How to Communicate with Policyholders
About Renewals Under Risk Rating 2.0
In all the confusion around Risk Rating 2.0 and its rollout, one thing is clear: policyholders need more information about the renewal schedule and its implications for their premiums.
The good news is that there are only two phases of the rollout to explain, and the biggest decision policyholders will need to make is which methodology will benefit them most, should their policy renewal fall during the months between Phase 1 and Phase 2.
Of course, for property owners who don’t yet have a flood insurance policy, the best time to purchase before your rate changes is now. Given the 30-day waiting period before policies apply, the eligibility window for new policyholders who want to get a glidepath for increases based on the old rating methodology is running out.
So, how can agents communicate these changes to flood premium calculations, especially to policyholders who may be up for renewal during Phase 1 of this rollout? In a word: proactively.
The sooner you reach property owners with this information, the better – whatever channel you choose.
Here, we’ll condense the main messages you need to share with property owners about Phase 1 and Phase 2 of the Risk Rating 2.0 rollout.
Phase 1: Risk Rating 2.0 Goes Live on October 1
Before Phase 1 begins, agents will receive a new manual from the National Flood Insurance Program (NFIP) that provides more details around Risk Rating 2.0 and how an agent will write, endorse, cancel, and renew flood policies.
When Risk Rating 2.0 goes live for policies effective on or after October 1, 2021, the new rating methodology will apply …
- To all new business.
- Optionally to existing policyholders whose policy is eligible for renewal between October 1, 2021, and March 31, 2022, who would see their rates decrease under the new methodology.
It’s important to note that less than 23 percent of current policyholders will see their rates decrease under the new risk rating methodology, according to the NFIP, and other experts estimate that this number will be even lower.
If you have customers whose flood policies will be up for renewal during Phase 1, in the coming months there will be tools available to check their premiums and reach out to any policyholders who might benefit from a lower premium.
Phase 2: Risk Rating 2.0 Begin on April 1, 2022
The second phase is fairly easy to explain: as of April 1, 2022, all policies – new and renewals – will be subject to the new risk rate methodology, unless they were already issued as Risk Rating 2.0 during Phase 1.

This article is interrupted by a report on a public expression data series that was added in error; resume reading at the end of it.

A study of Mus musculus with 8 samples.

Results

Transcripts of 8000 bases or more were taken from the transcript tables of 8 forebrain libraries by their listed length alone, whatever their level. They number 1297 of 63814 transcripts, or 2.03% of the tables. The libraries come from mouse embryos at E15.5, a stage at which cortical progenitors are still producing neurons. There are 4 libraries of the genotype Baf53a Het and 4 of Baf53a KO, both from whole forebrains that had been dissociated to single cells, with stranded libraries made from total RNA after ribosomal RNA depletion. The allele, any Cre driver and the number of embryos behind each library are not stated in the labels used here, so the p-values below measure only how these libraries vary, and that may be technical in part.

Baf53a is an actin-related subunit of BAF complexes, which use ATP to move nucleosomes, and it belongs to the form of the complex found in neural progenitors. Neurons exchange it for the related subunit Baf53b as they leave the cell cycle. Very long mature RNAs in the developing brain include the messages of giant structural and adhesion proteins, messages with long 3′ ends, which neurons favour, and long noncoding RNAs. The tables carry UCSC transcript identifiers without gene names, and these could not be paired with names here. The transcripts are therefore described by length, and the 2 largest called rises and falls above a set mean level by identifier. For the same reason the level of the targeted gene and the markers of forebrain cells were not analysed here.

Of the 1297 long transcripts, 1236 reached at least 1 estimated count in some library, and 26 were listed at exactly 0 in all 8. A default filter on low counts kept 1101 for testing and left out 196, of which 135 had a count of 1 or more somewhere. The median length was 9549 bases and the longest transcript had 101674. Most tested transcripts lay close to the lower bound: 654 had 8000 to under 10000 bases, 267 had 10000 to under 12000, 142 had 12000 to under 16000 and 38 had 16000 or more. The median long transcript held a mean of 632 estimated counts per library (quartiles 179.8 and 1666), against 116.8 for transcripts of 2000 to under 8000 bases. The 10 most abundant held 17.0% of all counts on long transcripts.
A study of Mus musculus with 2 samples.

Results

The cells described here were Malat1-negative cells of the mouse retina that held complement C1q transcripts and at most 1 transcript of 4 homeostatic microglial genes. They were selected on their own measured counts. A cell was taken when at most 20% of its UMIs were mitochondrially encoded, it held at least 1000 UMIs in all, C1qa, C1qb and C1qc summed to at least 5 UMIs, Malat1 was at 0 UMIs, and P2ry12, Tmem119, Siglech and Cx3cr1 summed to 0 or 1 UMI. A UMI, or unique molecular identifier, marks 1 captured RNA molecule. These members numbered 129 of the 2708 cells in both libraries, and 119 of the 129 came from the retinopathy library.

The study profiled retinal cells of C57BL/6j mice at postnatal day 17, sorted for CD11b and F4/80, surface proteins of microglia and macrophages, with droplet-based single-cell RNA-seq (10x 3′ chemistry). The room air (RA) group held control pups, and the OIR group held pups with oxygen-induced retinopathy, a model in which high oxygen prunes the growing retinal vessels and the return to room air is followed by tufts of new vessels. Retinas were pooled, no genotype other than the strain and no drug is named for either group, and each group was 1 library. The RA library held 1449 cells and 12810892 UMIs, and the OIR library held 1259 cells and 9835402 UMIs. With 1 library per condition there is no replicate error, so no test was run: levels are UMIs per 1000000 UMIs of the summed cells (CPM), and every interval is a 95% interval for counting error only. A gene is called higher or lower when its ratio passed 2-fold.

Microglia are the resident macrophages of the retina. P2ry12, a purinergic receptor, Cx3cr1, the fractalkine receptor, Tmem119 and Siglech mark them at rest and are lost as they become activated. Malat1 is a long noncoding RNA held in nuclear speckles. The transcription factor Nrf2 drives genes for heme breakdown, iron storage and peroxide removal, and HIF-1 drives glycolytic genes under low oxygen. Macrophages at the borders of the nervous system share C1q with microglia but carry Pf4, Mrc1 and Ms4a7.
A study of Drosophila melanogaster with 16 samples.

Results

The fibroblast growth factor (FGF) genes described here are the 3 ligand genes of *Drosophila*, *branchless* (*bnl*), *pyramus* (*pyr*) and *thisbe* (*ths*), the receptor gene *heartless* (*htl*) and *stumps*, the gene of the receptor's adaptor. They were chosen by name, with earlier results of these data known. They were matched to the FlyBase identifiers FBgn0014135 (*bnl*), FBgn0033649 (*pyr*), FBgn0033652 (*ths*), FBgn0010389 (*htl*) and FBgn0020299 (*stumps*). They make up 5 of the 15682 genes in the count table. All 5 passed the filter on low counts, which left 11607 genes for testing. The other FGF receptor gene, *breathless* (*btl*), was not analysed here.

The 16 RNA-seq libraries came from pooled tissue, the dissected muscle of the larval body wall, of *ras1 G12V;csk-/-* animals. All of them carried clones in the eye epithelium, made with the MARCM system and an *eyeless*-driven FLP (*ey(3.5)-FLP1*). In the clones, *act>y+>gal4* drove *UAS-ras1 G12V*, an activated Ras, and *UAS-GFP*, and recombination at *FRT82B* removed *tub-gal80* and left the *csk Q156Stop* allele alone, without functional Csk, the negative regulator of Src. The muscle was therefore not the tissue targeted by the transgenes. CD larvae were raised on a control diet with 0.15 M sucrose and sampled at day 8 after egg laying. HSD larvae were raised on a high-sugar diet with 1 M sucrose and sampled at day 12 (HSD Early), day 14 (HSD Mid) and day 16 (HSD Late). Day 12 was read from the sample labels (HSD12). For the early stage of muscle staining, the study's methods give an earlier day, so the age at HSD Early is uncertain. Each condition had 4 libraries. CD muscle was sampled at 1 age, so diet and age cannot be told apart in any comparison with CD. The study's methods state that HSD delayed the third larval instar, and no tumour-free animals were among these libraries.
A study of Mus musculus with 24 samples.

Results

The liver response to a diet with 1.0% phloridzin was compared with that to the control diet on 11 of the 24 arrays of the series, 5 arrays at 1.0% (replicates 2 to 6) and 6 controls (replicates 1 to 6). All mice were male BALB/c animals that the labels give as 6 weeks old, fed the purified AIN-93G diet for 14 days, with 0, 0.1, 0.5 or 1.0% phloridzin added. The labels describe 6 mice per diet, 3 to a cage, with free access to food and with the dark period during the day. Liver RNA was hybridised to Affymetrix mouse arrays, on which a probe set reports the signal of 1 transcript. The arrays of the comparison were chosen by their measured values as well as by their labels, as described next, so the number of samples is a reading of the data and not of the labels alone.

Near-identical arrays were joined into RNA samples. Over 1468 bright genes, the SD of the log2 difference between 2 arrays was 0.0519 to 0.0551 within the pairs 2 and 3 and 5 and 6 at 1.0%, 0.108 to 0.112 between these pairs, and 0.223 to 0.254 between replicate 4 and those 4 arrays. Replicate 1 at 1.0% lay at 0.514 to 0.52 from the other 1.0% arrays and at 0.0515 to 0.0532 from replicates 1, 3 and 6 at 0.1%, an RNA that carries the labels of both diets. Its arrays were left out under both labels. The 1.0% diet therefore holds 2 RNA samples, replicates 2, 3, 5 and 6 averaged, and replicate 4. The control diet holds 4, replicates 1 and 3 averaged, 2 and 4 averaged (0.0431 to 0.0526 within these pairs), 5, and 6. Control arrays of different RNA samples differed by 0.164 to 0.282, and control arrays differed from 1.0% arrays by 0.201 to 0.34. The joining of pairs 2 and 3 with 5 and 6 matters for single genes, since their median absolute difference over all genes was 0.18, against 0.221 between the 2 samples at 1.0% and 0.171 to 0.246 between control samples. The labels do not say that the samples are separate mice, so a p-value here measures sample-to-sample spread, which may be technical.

During the second phase, the most important thing to communicate is why these changes happened. Risk Rating 2.0 is a long-overdue update that will bring the NFIP’s approach to flood insurance rating in line with the private insurance market using modern risk evaluation tools and property-specific characteristics used to rate other insurance products.
For property owners whose premiums will increase under the new methodology, it’s important to highlight the ways in which Risk Rating 2.0 better represents actual flood risk, perhaps especially outside Special Flood Hazard Areas (SFHAs).
A recent study from the First Street Foundation estimated that under Risk Rating 2.0, 2.7 million properties at risk of flooding outside of Special Flood Hazard Areas (SFHAs) would require a 5.2x annual premium increase to cover their current flood risk. While these new premiums may be more expensive, they are calculated based on data points that have been ignored until recently.
A Few Changes Current Policyholders May Ask About
In addition to changes in how premiums are calculated, there is a short list of things that are changing that policyholders may ask about. For example, certain policies will be retired under the new program, including…
- Preferred Risk Policies
- Submit-for-Rates Policies
Perhaps more importantly, there’s a longer list of things that won’t change under Risk Rating 2.0, including the statutory caps on annual and individual premium increases, for most policies this is 18 percent. This means that when a policy renews into Risk Rating 2.0 even though the full-risk premium may go up more than this percentage, the paid premium will include a discount for the annual rate cap, creating a glidepath to the full-risk premium.
Another thing not changing is the option to assign a flood policy to new building owners. For homeowners who are looking to purchase in a special flood hazard area, this may come as good news. This policy transfer would allow the glidepath to transfer to the new building owner.
Additionally, flood plain management and the mandatory purchase requirement for properties in SFHAs will stand and flood insurance rate maps will still be used to determine the borders of SFHAs, although these maps no longer drive the premium calculation.
For more information to help you navigate discussions about this new methodology, visit our Risk Rating 2.0 Resource page.
Make a Proactive Communication Plan to Reach Policyholders Before Their Renewal Date
The best thing you can do to help policyholders navigate their questions about how their premium may be impacted by this new rating methodology is to reach out to them first and let them know that you have the answers they’re looking for.
Even better, share a one-sheet PDF with the answers to frequently asked questions via email, text, or through each individual’s preferred channel. By delivering clarifying information before the official October launch, you can bolster each property owner’s sense that their insurance agent has their back, even as the insurance landscape changes.
If you have any questions about Risk Rating 2.0 or how National Flood Services can help support your team, contact us today.